It’s Time to Update Your Anti-Harassment and Anti-Discrimination Policy: Big Changes to FEHA Regulations Take Effect April 1


Beginning on April 1, 2016, new regulatory amendments will apply to California restaurants, bars, and other employers of five or more full or part-time employees, since such employers are subject to the Fair Employment and Housing Act (“FEHA,” Cal. Govt. Code § 12900, et seq.). The FEHA prohibits discrimination and harassment on the basis of various protected characteristics, including gender, race, age, religion, and disability. For employees with disabilities, the FEHA requires employers to engage in the interactive process to determine a reasonable accommodation and to accommodate the employee. It also prohibits retaliation against employees who engage in activities that are legally protected.

If you don’t have a written policy against discrimination, harassment, and retaliation, now is the time to work with a lawyer on one. Notably, one of the many changes is that the amended FEHA regulations require every California employer to develop a harassment, discrimination, and retaliation prevention policy that:

  1. Is in writing.
  2. Lists all current protected categories covered under FEHA (which now includes sexual orientation, gender identity, gender expression, and veteran and military status).
  3. Specifies that supervisors, managers, coworkers, and third parties are also prohibited from engaging in the discrimination, harassment, and retaliation.
  4. Creates a confidential complaint process to ensure that complaints receive a timely response, an impartial and timely investigation by qualified personnel, documentation and tracking for reasonable progress, appropriate remedial actions and resolutions, and timely closure.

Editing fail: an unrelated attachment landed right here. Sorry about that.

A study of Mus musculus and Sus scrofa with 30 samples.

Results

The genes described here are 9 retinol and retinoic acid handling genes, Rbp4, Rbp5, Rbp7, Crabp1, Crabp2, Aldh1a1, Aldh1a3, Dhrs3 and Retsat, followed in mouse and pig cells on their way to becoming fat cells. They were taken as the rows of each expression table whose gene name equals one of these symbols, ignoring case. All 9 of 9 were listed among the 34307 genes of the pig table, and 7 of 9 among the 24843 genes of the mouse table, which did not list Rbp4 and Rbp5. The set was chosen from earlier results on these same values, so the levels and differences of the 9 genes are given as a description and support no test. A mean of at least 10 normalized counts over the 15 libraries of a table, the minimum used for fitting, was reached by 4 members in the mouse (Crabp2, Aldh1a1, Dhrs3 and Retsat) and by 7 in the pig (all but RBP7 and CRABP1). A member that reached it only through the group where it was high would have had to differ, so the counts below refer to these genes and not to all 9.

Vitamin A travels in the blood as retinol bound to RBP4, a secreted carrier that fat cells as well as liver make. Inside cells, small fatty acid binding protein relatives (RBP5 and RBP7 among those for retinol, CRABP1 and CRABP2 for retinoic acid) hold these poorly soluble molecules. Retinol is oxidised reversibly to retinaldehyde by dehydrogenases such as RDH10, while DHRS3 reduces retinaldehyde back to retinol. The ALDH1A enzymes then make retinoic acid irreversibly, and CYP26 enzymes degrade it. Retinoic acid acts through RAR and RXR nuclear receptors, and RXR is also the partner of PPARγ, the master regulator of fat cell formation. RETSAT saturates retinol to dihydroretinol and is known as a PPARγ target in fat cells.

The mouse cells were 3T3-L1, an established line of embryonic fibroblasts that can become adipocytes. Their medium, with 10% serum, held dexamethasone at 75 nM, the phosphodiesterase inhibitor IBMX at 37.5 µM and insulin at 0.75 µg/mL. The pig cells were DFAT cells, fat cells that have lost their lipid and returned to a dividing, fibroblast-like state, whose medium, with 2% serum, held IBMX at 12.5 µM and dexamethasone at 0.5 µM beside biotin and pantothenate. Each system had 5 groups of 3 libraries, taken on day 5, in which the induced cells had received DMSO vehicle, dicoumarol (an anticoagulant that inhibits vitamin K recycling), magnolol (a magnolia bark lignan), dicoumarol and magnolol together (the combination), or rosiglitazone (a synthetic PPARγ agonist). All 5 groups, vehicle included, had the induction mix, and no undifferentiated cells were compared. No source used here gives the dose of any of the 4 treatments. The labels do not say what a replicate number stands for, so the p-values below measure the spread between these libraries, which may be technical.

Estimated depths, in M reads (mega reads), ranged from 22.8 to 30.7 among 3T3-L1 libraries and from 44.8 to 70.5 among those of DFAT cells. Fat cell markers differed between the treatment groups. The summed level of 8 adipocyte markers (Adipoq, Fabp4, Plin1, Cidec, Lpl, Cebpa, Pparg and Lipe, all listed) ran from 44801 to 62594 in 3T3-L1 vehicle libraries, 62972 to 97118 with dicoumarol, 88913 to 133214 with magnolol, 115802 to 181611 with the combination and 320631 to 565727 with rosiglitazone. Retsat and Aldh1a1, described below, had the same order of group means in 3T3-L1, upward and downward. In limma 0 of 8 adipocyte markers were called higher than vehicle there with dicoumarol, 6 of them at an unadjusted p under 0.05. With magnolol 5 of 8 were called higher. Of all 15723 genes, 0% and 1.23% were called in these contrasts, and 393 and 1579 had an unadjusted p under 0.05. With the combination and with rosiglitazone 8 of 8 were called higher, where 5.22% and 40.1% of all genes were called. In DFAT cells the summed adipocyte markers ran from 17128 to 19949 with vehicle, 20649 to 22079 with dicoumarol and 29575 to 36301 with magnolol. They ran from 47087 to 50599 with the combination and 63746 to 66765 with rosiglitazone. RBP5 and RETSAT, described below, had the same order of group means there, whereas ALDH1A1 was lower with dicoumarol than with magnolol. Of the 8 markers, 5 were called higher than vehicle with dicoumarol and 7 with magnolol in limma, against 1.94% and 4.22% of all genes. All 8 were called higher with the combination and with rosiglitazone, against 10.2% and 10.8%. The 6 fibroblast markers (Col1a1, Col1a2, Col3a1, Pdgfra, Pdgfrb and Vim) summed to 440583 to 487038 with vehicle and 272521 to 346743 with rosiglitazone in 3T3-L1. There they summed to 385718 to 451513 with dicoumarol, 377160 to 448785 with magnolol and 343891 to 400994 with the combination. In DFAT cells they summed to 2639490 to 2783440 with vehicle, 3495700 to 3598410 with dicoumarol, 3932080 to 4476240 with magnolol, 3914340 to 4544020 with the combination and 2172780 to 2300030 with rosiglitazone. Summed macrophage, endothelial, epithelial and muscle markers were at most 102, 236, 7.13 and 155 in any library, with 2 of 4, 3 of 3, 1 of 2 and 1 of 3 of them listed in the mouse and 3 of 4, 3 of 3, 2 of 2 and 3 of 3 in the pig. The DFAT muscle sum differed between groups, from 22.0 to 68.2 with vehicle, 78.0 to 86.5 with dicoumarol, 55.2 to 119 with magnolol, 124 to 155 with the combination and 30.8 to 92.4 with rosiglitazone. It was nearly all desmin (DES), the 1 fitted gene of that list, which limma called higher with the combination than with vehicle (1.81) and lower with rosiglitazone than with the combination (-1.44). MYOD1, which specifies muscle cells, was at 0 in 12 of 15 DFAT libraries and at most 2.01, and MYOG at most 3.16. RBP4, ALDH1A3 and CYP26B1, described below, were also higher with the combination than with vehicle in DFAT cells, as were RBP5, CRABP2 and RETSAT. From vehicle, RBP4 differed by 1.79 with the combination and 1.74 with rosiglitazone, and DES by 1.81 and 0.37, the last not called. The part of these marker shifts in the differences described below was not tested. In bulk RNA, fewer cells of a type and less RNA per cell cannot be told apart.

5. Provides a complaint mechanism that does not require an employee to complain directly to his or her immediate supervisor.
  6. Instructs supervisors to report any complaints of misconduct to a designated company representative (e.g., HR director or manager) so the company can try to resolve the claim internally. (Employers with 50 or more employees are required to include this as a topic in mandated sexual harassment prevention training.)
  7. Indicates that when an employer receives allegations of misconduct, it will conduct a fair, timely, and thorough investigation that provides all parties appropriate due process and reaches reasonable conclusions based on the evidence collected.
  8. States that confidentiality will be kept by the employer to the extent possible, but not indicate that the investigation will be completely confidential.
  9. Indicates that if at the end of the investigation misconduct is found, appropriate remedial measures shall be taken.
  10. Makes clear that employees shall not be exposed to retaliation as a result of lodging a complaint or participating in any workplace investigation.

This is only a brief excerpt of the many changes. Duane Morris’ detailed description of the amendments may be found here.

As the new amendments will impose greater burdens on employers, they could lead to more lawsuits and administrative claims against bars and restaurants. Employers should review their current practices, employee handbooks, and any other policies, and speak to a lawyer to ensure compliance.

This blog is not legal advice, should not be construed as applying to specific factual situations or as establishing an attorney-client relationship.

© 2009- Duane Morris LLP. Duane Morris is a registered service mark of Duane Morris LLP.

The opinions expressed on this blog are those of the author and are not to be construed as legal advice.